SGA offers options to shorten academic calendar

Photo by Ben Keyserling

This semester a white paper revised by the Undergraduate Student Government Association Committee for Curriculum and Institute Policies has circulated through the administration offering proposed changes to the Academic Calendar. The outlined changes offer various options that would essentially shorten semesters, changing finals week schedules and postponing the withdrawal date for classes.

The authors of the white paper which include Laura Margaret Burbach the Curriculum and Institute Policies Chair, Arjun Meka the Vice-President of Academic Affairs, Nick Picon the SGA President, Lucy Tucker the Executive Vice President and the remaining members of the committee Charlie Bryant, Emily Burke, Justin Tamayo, Jimmy Tang, Samir Vedantham and Joy Zhang attribute various factors to negatively affecting the mental health of campus overall and call for serious changes to be made to the academic calendar.

“People are starting to consider this as a very real option, I would definitely think that the white paper has been successful in terms of the idea of actually implementing a shorter school year or some of the other changes we’ve proposed,” said Burbach.

According to a study done by the University of Toronto titled “Semester Lengths at Top U.S. and Canadian Universities,” at 150 days, Tech’s academic calendar features more instructional days than any other university in North America. While also Tech’s programs have been ranked as having the least manageable workload out of 1,394 colleges and universities according to College Rankings “Most Manageable Workloads,” list.

The deadline to withdraw from classes was described as “fairly early in the semester” and may not allow for some students to have received a single grade before they must decide whether or not to stay in a class.

While also the current structure of finals week only allows one weekend between the last day of classes and the beginning of finals week which will also leave some students taking their last final as late as the Saturday morning before they walk in graduation that afternoon.

With these problems, there were four alternatives created for shortening the school year which included integrating longer intermittent breaks throughout the semester, including a minimester in January, including a minimester in May and extending the summer term. Ultimately the committee decided to focus on the Maymester plan which would shorten each semester in order to create a Maymester.

This would make the school year 20 days shorter overall for students and 6 days shorter for those participating in the Maymester. The optional three-week minimester would be created to offer an intensive course for a short period of time that may not be offered during a regular semester.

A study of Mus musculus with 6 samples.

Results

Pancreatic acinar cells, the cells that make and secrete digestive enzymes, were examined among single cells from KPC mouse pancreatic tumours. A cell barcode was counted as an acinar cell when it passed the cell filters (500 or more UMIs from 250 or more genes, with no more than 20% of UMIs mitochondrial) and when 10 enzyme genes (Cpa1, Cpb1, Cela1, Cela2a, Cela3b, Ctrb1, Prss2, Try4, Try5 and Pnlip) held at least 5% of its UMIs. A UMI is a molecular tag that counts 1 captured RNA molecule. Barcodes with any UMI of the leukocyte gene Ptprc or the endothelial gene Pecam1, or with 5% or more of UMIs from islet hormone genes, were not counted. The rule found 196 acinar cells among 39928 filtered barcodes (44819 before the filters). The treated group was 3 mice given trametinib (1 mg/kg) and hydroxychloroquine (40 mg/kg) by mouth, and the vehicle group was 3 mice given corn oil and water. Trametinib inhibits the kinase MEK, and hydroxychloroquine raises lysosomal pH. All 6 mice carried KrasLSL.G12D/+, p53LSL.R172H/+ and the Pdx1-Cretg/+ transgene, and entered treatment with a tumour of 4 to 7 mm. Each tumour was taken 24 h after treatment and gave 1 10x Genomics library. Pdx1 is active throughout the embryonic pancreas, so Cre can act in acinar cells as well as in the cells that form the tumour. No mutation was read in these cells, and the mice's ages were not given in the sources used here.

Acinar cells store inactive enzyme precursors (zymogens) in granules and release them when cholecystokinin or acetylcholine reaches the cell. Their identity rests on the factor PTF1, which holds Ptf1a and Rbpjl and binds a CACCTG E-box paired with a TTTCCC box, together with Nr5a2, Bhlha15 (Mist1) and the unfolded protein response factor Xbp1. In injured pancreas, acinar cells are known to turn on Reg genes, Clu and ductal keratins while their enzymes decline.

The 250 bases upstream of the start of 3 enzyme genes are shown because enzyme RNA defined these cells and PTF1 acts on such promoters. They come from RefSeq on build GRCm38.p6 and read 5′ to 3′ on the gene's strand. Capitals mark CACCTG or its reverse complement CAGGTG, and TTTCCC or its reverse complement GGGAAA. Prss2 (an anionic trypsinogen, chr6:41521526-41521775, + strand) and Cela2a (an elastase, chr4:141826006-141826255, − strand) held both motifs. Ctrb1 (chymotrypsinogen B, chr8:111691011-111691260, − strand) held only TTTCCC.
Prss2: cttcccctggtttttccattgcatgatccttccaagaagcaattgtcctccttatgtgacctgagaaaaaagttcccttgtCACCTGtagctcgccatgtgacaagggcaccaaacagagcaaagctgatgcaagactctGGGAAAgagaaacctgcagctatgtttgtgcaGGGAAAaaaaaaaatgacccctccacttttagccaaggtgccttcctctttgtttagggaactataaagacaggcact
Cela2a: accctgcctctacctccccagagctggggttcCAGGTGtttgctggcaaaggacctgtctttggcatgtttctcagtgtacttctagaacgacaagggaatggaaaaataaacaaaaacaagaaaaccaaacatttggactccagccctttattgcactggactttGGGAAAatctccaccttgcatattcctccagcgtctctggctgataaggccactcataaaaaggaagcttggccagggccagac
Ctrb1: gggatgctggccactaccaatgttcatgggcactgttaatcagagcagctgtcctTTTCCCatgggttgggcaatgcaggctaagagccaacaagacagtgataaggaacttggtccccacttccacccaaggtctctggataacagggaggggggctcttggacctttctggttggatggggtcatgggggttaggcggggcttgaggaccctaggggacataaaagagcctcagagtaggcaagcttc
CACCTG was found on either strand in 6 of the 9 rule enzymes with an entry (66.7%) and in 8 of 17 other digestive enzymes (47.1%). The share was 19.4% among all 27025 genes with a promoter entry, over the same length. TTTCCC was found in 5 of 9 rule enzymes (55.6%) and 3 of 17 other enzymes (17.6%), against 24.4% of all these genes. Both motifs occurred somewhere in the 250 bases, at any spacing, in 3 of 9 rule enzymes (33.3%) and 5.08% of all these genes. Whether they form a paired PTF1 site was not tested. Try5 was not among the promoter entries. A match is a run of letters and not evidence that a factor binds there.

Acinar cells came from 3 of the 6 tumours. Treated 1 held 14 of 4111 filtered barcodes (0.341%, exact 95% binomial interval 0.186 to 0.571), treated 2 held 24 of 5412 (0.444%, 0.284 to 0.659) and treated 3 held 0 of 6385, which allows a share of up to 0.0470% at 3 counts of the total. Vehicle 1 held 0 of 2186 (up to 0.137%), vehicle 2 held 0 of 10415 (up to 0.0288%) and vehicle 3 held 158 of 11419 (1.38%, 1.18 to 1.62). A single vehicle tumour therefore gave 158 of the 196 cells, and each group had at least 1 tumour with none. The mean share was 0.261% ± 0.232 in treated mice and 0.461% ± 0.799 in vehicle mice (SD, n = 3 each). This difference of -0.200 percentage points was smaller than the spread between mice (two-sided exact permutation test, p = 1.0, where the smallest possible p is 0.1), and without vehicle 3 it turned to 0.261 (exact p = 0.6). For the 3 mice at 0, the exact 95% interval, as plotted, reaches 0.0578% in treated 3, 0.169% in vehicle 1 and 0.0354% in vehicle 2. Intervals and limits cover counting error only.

“Some of the ideas that we had flowing through that was that we could have shorter study abroads for students especially co-ops who may be going to study abroad for just three weeks a much shorter time. We could almost like trade professors with UGA who wouldn’t teach at Georgia Tech for humanities and stuff like that with our dates all lined up,” said Burbach.

The weekend wrapped finals week stems from recommendations from students and administrators who have expressed a desire to change the way finals week is structured in order to incorporate more study time for students.

With finals week wrapped around a weekend, dead week would be shortened to three reading days with no assignments due and finals starting at the end of that week. The remaining days of finals week would allow students time to move out as well as options to reschedule events like “Ramblin’ On” for graduating seniors.

Additionally, the delayed withdrawal date would eliminate the uninformed decision many students feel they are making when they may want to drop a class. It would also eliminate many students from withdrawing from courses and then simply reenrolling the next semester taking up spots for students still trying to take the class for the first time.

Overall these suggested changes are still only part of a proposal, but the committee ensures that administration has been discussing what was submitted to them.

“I spent a good amount of time meeting with all of the relevant campus administrators on this issue, and all of them have expressed their full support. I’m confident the change will come, but because this is a large undertaking it certainly won’t happen overnight,” said Picon.

Ultimately though the academic calendar is always published three semesters in advance, so final changes would not take effect until three semesters after they are approved.

Currently the administration is taking further looks into exactly how these proposed changes would affect all sectors of campus including dining, housing, coursework and more before making any recommendations or decisions of their own.